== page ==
When libraries began closing their buildings and transitioning to digital services in March of 2020, many library patrons were initially supportive. However, as the months go by, an increasing number of people are wondering why the libraries had to close while grocery stores could remain open. Aren’t libraries “essential,” too? However, I believe there are some key differences between retail stores and libraries that make library workers understandably reluctant to open their doors.
Library patrons tend to stay in the building for long periods of time.
When people go to the store, they typically walk in, get what they need, and leave. They are generally not in close contact with anyone for an extended period of time. In contrast, many library patrons stay in the library for hours, if not all day. Patrons who are homeless, for instance, will often arrive when the building opens and leave when it closes. Adults will spend hours using the computers, whether that means searching for and apply for jobs, watching YouTube videos, or playing a movie. Students will hang out after school for hours until their parents come pick them up. Schools remaining closed and going virtual would make it even more likely that a large number of students would be at the library all day, using it for free childcare or homework purposes, while their parents work.
Since we now have evidence that the coronavirus is primarily airborne, that it can stay in the air for up to three hours, and that it can potentially be spread by air conditioning, it is understandable that library employees would be concerned about opening their buildings. Even if they tell patrons they can only stay in the building for a short period of time, who is keeping track? And will a patron nicely get up and leave after an hour if, say, they are still in the middle of trying to apply for unemployment? It really does seem safer to keep offering curbside when possible.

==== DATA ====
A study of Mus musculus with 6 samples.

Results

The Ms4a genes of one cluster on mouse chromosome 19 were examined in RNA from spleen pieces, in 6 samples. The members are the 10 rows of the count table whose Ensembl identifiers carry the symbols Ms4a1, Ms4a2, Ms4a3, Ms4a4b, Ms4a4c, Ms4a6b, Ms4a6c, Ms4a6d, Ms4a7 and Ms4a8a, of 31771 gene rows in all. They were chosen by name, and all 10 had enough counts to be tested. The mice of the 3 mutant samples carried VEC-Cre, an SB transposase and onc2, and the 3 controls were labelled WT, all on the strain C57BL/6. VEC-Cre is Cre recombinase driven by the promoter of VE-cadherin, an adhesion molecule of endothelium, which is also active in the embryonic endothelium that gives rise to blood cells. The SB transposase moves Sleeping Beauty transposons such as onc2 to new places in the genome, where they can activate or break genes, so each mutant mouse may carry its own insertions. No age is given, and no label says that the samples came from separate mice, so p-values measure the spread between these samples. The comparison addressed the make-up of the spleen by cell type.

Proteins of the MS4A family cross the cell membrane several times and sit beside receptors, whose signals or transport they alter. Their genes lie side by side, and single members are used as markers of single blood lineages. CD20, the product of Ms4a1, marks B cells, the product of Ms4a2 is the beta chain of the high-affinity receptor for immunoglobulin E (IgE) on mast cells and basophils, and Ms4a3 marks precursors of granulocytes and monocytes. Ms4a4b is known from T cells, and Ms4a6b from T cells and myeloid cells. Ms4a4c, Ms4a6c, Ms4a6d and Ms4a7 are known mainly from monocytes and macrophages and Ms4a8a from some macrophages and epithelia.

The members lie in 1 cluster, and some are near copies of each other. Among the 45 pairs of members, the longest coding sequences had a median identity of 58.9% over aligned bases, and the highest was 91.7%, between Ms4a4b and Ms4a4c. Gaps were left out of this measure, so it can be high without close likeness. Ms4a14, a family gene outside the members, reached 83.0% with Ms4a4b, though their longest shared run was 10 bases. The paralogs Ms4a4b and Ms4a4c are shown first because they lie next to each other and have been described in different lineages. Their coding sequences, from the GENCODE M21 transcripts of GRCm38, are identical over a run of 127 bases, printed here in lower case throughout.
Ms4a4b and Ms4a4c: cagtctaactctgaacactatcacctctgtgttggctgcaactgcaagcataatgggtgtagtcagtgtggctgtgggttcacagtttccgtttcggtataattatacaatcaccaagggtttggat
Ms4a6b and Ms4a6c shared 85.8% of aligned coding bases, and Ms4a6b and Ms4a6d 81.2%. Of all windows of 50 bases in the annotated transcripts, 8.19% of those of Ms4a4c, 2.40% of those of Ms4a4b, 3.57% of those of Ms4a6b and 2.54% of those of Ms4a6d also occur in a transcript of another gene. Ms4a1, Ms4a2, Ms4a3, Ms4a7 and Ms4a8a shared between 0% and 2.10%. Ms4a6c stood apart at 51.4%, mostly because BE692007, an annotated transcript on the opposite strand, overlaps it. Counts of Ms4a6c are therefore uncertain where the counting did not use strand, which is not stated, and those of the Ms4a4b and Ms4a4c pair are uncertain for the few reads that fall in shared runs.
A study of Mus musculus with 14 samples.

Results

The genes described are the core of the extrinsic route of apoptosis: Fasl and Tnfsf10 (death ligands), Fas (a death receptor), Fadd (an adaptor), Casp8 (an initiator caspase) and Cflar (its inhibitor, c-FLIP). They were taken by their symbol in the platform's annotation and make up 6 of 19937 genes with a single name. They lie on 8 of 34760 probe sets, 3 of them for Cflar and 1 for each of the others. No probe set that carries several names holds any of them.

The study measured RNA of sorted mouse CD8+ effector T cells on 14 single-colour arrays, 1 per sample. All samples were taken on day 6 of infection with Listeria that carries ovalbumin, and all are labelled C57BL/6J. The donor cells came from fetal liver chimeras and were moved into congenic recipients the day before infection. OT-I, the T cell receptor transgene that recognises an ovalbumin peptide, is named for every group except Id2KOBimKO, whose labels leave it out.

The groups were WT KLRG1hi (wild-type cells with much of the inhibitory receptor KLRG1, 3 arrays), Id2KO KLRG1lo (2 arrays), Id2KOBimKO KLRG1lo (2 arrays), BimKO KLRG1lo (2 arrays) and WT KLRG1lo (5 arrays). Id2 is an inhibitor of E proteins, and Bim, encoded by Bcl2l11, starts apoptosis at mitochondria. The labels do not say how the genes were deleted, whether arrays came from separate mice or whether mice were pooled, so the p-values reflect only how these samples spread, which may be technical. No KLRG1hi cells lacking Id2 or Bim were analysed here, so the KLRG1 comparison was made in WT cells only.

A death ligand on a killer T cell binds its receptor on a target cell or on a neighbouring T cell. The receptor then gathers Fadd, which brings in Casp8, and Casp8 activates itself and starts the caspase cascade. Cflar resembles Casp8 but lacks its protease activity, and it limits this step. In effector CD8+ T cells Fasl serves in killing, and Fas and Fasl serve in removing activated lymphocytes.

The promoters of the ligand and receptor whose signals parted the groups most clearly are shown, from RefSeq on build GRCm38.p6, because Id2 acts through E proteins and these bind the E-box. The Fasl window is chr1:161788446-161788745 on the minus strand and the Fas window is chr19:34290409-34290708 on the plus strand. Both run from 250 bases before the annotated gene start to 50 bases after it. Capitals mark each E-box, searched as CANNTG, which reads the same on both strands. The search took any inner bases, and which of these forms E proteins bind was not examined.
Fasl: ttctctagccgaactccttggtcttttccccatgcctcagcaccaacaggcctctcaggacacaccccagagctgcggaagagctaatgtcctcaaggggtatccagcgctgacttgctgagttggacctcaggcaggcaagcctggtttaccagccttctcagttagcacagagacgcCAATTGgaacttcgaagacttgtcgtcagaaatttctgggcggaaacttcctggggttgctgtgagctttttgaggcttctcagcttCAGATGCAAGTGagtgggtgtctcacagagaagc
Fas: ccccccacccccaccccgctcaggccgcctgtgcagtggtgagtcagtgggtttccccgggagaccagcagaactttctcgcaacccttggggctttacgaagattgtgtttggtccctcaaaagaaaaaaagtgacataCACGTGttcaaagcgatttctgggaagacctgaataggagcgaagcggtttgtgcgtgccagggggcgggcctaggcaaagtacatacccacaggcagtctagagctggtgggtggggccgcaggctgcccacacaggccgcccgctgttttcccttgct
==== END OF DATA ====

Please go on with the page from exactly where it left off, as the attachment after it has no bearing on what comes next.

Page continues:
Library materials get returned and used by different people.
Stores are a little different from libraries in that most people touch what they want, buy it, and keep it. Libraries, however, encourage browsing. They are also built on a model where a bunch of people share the same item. To account for this, libraries started quarantining returned materials, usually for three days, though I have friends who say their libraries will quarantine materials anywhere up to a week. New information, however, has led my library to start quarantining for four days instead of three. New studies tested glossy pages on things like board books and magazines, causing recommendations to change.
Libraries had to take time to consider how to handle issues like the safe return and circulation of materials. And they had to consider that our understanding of the science behind the virus is currently in flux. I think it is therefore valid that they would close their doors, if necessary, to keep the public safe while trying to figure out best new practices.
Libraries are communal spaces full of things patrons like to touch.
Libraries are basically built to be full of germs, if you think about it. Their whole purpose is to gather as many people as possible into the space and then encourage them to share equipment and resources. Libraries had to close to have time to do things like remove all their shared toys from the children’s play area, rearrange the furniture for social distancing, replace furniture with models that can be more easily cleaned, and so forth. They also need time to think about things like how public computers can be safely shared, if they can feasibly acquire enough cleaning wipes and hand sanitizer, and so forth. They also have to contend with the reality that, again, the virus is primarily airborne. Disinfecting surfaces and hands helps because people do have a tendency to want to touch their faces. But it is not really going to protect anyone from something floating about in the air.
It is not easy to rethink your entire business model in two weeks. I support libraries closing their buildings if it gives them the time they need to remodel for increased public safety. As libraries reopen, patrons may start to see new signage, sneeze guards, rearranged furniture, and more. That all takes time to put in place.
I admit that the closure of my public library has been difficult. The library is the main place where I acquire all the books I read and the movies I watch. Without it, I was left wondering how I was supposed to stay home and keep busy when I had few resources available to me. The e-books were not initially a help, since the waitlists on certain titles were reaching up to six months long. However, I don’t value my desire to read new releases or to watch movies as more important than the lives in my community. Keeping the library buildings closed helps protect not only the library employees, but also everyone who would naturally gather there, assuming it is safe to stay and browse or use the computer for hours, either because they do not see the pandemic as a real threat or because they that assume that, if the building is open, that must mean being there is safe. I am sad the library buildings are closed, of course, but I understand and support it.
What do you think? Should the library buildings have closed? Should they still be closed now?